Industry 4.0 – Digitalization and the future of industrial production. Will we be substituted by robots?

Published on: 09 Aug 08:00

Franck V.

It’s a current topic: Our workplaces will be automated and the human workforce won’t be necessary anymore. We are living in the era of digitalization, industry 4.0, big data and artificial intelligence. But what’s true about the speculations that robots will substitute the human workforce?

Industry 4.0 – what is it?

The first industrial revolution, called Industry 1.0, began 1780 with the development of water- and steam-powered machines for aiding workers. The society of agriculture was replaced by the industrial society. A decade later, electricity made the mass production possible, the first conveyor belt was invented. In 1969 another modification simplified once again the production process: The Industry 3.0 was characterised by IT and electronics. And today we talk about Industry 4.0, which will furthermore automate the production process thanks to the progressing digitalization and cyber-physical systems connecting software with mechanics and electronics.[1]

Jobs will change but not disappear

Due to the fast technical development the question arises whether our jobs are threatened or not. The most citated study concerning this topic was carried out by Frey and Osborne in 2013. Their research result shows that almost 50% of the jobs in the USA and in Germany could be automated in the next two decades. That may sound dramatic, but there’s no need to worry. The Centre for European Economic Research doubted the study of Frey and Osborne and examined the reliability. They found out that although the risk of automatisation concerns 50% of all jobs, the probability of unemployment only amounts to a total of 12%. In many cases it’s not profitable to swap humans by machines. Neither educators nor artists can be substituted by machines, and who would like to be taken care of by a robotic nurse? Furthermore, it is way more likely that only fields of activity will get automated than whole professions. For example the job of a mechanic is now called mechatronic technician, but the job is still done by humans.[2]

Emergence of new areas of activity

According to a study of the institute for labor market and occupational research 490.000 jobs will disappear until 2025, mostly positions in the industry.[3] However, at the same time new fields of activity will be created relating to the development, construction, inspection and maintenance of the machines.[4] Besides, there are already completely new professions like online journalism, online marketing, social media management or community management.[5] In total, 430.000 new jobs will emerge, which means eventually a loss of 60.000 positions.[6] It mainly concerns jobs which don’t require specific qualifications and which are mostly monotonous and physically demanding.[7] It can be even a discharge if machines carry out those unpleasant and strenuous activities like assembly-line work.[8] Therefore, other skills will be required of the employees:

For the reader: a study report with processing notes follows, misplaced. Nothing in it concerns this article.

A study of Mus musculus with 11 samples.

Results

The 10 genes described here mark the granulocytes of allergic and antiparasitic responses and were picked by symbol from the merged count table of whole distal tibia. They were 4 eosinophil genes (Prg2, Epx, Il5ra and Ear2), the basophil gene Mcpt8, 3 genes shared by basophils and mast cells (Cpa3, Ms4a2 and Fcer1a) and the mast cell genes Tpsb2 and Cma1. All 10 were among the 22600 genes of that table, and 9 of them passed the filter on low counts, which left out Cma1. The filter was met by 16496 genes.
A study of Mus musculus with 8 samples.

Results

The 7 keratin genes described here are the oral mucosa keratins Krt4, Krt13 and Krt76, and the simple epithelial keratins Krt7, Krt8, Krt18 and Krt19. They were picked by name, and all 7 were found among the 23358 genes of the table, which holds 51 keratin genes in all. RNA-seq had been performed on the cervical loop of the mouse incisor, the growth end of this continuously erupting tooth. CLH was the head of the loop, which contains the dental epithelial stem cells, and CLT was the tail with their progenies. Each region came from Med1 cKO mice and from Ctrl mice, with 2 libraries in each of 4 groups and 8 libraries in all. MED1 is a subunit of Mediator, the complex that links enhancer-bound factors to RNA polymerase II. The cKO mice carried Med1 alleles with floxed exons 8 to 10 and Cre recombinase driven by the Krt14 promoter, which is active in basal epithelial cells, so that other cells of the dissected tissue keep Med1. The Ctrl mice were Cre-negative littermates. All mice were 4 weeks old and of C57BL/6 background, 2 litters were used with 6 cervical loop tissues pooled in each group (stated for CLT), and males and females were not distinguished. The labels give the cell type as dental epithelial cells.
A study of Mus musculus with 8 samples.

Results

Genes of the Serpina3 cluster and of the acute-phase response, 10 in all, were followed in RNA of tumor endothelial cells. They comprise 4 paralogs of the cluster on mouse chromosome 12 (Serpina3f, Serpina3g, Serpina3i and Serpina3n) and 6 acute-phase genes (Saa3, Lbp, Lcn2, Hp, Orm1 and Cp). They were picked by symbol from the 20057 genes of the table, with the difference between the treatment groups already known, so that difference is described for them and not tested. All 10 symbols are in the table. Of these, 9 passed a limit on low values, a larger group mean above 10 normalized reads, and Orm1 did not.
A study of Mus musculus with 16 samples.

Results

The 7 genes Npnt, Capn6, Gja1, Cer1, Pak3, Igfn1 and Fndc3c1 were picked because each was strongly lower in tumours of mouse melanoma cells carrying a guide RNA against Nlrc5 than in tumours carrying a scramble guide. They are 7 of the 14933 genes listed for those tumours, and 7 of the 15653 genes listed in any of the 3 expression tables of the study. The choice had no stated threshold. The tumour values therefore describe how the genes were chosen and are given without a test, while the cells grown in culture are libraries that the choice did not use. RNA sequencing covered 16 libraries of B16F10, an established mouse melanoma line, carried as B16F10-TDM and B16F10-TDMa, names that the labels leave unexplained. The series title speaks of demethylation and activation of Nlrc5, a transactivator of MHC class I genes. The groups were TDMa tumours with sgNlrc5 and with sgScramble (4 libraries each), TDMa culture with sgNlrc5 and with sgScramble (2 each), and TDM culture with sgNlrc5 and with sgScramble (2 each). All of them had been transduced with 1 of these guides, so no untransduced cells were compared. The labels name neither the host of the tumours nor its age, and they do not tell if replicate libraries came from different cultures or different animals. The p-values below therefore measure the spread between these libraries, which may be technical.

• Flexibility: Because of the permanent evolvement, willingness to change and to learn is getting very important.[9]
  • Digital Competence: A certain Know-How in IT and digital media is nowadays as relevant as social skills and expertise.[10]
  • Intercultural Competence: Digitalization and Globalisation enable worldwide cooperations. Therefore, Intercultural Competence is indispensable for preventing missunderstandings.[11]

As a conclusion, it’s safe to say that our jobs will drastically change but at a very slow pace, so that there will be enough time for adaption.[12]



[1] cf. Tschirner/Scheu (2016), p.2
[2] cf. VDMA (2015), p. 1-7
[3] cf. Absenger et al. (2016), p. 6
[4] cf. Dengler/Matthes (2015), p. 23
[5] cf. Carstensen et al. (2014), quoted in Carstensen (2016), p. 187
[6] cf. Absenger et al. (2016), p.6
[7] cf. Tschirner/Scheu (2016), p.5
[8] cf. VDMA (2015), p. 1-7
[9] cf. Schlund/Hämmerle/Strölin (2014), p. 6
[10] cf. Bitkom 2016, p. 1-5
[11] cf. Schlund/Hämmerle/Strölin (2014), p. 6
[12] cf. Carstensen (2016), p. 189



Absenger, N./Ahlers, E./Herzog-Stein, A./Lott, Y./Maschke, M./Schietinger, M. (2016): Digitalisierung der Arbeitswelt!?, Mitbestimmungsreport, No. 24, Hans-Böckler-Stiftung, Düsseldorf.
Bitkom 2016: „Thesenpapier Arbeit 4.0 Die deutsche Arbeitswelt zukunftsfähig gestalten“, in: https://www.bitkom.org/Bitkom/Publikationen/Thesenpapier-Arbeit-40.html, (07.08.2018).
Carstensen, T. (2015): „Neue Anforderungen und Belastungen durch digitale und mobile Technologie“, in Schwächen des Arbeits- und Gesundheitsschutzes in veränderten Arbeitswelten, 3/15, p. 187-193.
Dengler, K./ Matthes, B.(2015): „Folgen der Digitalisierung für die Arbeitswelt Substituierbarkeitspotenziale von Berufen in Deutschland“, in: IAB Forschungsbericht - Aktuelle Ergebnisse aus der Projektarbeit des Instituts für Arbeitsmarkt- und Berufsforschung, 11/15.
Schlund, S./Hämmerle, M./Strölin, T. (2014): Industrie 4.0 – Eine Revolution der Arbeitsgestaltung, 2014, Fraunhofer IAO, Stuttgart.
Tschirner, M/Scheu, J. (2016): Industrie 4.0 – Was kommt da eigentlich auf uns zu?, Hans-Böckler-Stiftung, Düsseldorf.
VDMA (2015): Industrie 4.0 und die Arbeitswelt von morgen – für eine moderne Arbeitsmarktpolitik im digitalen Zeitalter.